Porsche Considers Kicking Ferrari’s Ass in Formula 1

The brain trust at Porsche is starting to wonder if its motorsports budget might be better spent racing against Ferrari, McLaren, and Mercedes in Formula 1 rather than winning the 24 Hours of Le Mans against broken down Toyotas.

Porsche has always had a tumultuous relationship with the single seater series: Stuttgart first pulled out in the ’60s due to costs after just two years and one race win, the ’80s saw Porsche power McLaren to two constructors championships and twenty-five race victories, and lastly, an embarrassing 1991 return in which the company’s engines failed to qualify more than half the time.

But now, if reports from Germany’s Auto Motor und Sport are to be believed, Porsche is once again evaluating a return to the pinnacle of motorsport, with Porsche’s board poised to decide in the next few weeks if the sports car and SUV manufacturer will pull out of the World Endurance Championship in favor of Formula 1.

It’s believed Porsche was one of the manufacturers in attendance during F1’s engine constructor meeting that took place on July 4th. The meeting included current manufacturers Mercedes, Ferrari, Renault, and Honda, along with Aston Martin, Ilmor Engineering, and Cosworth as the FIA works to hammer out engine regulations for 2021 and beyond.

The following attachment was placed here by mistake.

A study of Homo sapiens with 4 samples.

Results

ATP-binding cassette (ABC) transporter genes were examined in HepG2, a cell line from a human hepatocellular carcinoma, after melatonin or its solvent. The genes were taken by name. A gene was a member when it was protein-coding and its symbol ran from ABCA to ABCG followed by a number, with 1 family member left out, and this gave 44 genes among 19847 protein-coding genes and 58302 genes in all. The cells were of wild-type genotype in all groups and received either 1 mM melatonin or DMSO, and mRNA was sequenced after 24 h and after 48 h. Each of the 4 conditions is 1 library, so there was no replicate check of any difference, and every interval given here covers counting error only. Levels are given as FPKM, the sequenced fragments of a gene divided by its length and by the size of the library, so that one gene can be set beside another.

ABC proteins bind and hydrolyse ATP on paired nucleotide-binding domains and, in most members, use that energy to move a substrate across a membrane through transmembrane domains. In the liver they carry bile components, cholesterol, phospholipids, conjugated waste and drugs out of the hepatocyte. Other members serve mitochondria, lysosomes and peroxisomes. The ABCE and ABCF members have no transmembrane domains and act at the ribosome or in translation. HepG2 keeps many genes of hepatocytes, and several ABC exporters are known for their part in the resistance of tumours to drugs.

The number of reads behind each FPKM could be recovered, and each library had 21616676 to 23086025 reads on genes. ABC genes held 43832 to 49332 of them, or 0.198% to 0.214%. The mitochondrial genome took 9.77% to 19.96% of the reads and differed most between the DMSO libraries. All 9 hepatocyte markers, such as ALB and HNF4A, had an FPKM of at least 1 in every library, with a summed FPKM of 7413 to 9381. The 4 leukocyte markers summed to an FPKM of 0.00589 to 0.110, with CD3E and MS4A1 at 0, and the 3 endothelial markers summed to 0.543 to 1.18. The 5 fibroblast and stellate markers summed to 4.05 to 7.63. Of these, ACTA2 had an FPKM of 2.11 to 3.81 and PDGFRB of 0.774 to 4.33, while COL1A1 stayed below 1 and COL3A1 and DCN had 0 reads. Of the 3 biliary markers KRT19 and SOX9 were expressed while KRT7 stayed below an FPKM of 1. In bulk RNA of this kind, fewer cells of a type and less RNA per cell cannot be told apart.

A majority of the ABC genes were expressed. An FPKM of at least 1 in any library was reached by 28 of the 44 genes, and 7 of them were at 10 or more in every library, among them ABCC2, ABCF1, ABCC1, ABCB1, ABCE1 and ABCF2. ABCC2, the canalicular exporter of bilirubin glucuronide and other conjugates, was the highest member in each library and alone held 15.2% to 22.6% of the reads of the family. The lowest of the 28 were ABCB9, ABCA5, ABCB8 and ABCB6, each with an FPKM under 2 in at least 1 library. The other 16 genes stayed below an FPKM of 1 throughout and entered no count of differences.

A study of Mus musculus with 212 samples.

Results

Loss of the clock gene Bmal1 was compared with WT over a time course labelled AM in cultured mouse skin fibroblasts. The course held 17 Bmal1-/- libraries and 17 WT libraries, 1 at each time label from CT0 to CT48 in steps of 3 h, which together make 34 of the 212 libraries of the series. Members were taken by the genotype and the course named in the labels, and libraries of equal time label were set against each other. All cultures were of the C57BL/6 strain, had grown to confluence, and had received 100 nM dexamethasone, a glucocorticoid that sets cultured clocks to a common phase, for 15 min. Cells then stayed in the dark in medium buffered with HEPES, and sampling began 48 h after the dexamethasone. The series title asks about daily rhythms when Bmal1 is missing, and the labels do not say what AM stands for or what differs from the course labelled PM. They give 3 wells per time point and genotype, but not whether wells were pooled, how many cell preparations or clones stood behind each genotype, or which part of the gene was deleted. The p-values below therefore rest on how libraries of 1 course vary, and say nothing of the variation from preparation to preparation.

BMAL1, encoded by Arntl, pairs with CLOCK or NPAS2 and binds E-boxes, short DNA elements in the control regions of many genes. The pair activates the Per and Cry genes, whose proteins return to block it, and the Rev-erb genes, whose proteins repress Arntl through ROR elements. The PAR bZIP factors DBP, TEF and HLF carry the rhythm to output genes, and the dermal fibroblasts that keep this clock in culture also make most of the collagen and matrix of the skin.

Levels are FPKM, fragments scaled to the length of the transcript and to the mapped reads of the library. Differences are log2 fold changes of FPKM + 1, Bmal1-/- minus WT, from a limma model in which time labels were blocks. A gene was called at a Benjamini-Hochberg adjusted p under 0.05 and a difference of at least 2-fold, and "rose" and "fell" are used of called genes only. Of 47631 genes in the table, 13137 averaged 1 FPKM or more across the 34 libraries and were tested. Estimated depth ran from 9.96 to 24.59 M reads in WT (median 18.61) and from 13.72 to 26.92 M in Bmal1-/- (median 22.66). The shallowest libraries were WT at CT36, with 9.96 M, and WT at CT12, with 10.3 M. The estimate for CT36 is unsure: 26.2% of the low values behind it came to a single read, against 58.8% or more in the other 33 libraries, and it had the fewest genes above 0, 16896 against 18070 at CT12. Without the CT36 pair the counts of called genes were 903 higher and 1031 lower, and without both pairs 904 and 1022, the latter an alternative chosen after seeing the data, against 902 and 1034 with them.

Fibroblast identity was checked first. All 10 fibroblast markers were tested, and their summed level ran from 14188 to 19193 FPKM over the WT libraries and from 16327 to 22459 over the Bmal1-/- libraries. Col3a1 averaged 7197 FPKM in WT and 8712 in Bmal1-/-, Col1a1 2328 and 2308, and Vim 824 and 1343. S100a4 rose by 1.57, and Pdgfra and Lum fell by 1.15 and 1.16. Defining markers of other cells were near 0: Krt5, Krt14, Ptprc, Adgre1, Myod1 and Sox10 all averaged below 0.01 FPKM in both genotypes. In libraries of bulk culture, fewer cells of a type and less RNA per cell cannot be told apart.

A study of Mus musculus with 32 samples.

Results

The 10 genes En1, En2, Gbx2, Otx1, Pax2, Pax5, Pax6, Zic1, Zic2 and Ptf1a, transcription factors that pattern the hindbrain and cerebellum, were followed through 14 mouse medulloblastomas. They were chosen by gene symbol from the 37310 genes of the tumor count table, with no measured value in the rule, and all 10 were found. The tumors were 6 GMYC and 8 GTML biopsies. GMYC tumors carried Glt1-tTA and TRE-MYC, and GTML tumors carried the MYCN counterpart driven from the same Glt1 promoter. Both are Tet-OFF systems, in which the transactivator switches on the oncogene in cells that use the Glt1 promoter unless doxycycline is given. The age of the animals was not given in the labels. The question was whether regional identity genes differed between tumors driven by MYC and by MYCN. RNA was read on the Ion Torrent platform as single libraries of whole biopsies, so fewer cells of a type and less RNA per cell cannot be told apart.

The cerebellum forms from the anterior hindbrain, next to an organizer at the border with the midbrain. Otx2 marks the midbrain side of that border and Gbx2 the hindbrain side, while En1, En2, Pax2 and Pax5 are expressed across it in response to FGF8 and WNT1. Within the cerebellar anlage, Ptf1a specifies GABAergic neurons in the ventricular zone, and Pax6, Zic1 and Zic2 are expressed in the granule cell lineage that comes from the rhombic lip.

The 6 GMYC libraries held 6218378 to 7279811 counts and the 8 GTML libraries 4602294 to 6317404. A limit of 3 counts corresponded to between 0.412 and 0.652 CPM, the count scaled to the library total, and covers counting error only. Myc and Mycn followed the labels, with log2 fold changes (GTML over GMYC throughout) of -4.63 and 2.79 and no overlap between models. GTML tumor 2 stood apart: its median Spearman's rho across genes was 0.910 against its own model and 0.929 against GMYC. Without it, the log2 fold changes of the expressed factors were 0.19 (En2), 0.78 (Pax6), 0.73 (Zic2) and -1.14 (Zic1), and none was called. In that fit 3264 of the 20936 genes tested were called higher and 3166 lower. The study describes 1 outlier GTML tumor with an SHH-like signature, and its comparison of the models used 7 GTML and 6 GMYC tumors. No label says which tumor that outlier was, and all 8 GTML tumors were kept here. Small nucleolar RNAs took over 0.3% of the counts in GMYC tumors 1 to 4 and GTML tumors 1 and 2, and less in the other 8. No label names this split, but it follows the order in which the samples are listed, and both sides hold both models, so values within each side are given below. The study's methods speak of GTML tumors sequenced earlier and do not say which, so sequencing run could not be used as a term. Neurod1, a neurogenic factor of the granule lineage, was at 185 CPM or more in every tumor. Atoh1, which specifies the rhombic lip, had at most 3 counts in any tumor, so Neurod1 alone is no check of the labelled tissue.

Should Porsche decide to participate its engine concept would need to be finalized by 2019 before appearing on the grid in either 2020 or 2021, ruling out a potential rekindling of the McLaren-Porsche relationship for next season.

For Porsche, there’s not much left to accomplish in the WEC after dominating the series since returning in 2014, including three overall victories at Le Mans along with consecutive drivers and constructors championships in 2015 and 2016.

With Audi quitting prototype racing last year, the series has lost much of its luster with only two top shelf manufacturers competing for overall wins. Should Porsche decide to pull out of the WEC immediately, it’s thought the company could join sister brand Audi competing in Formula E as a stop gap.

Whatever happens, Zuffenhausen will officially announce its decision before the WEC’s Mexican round in early September.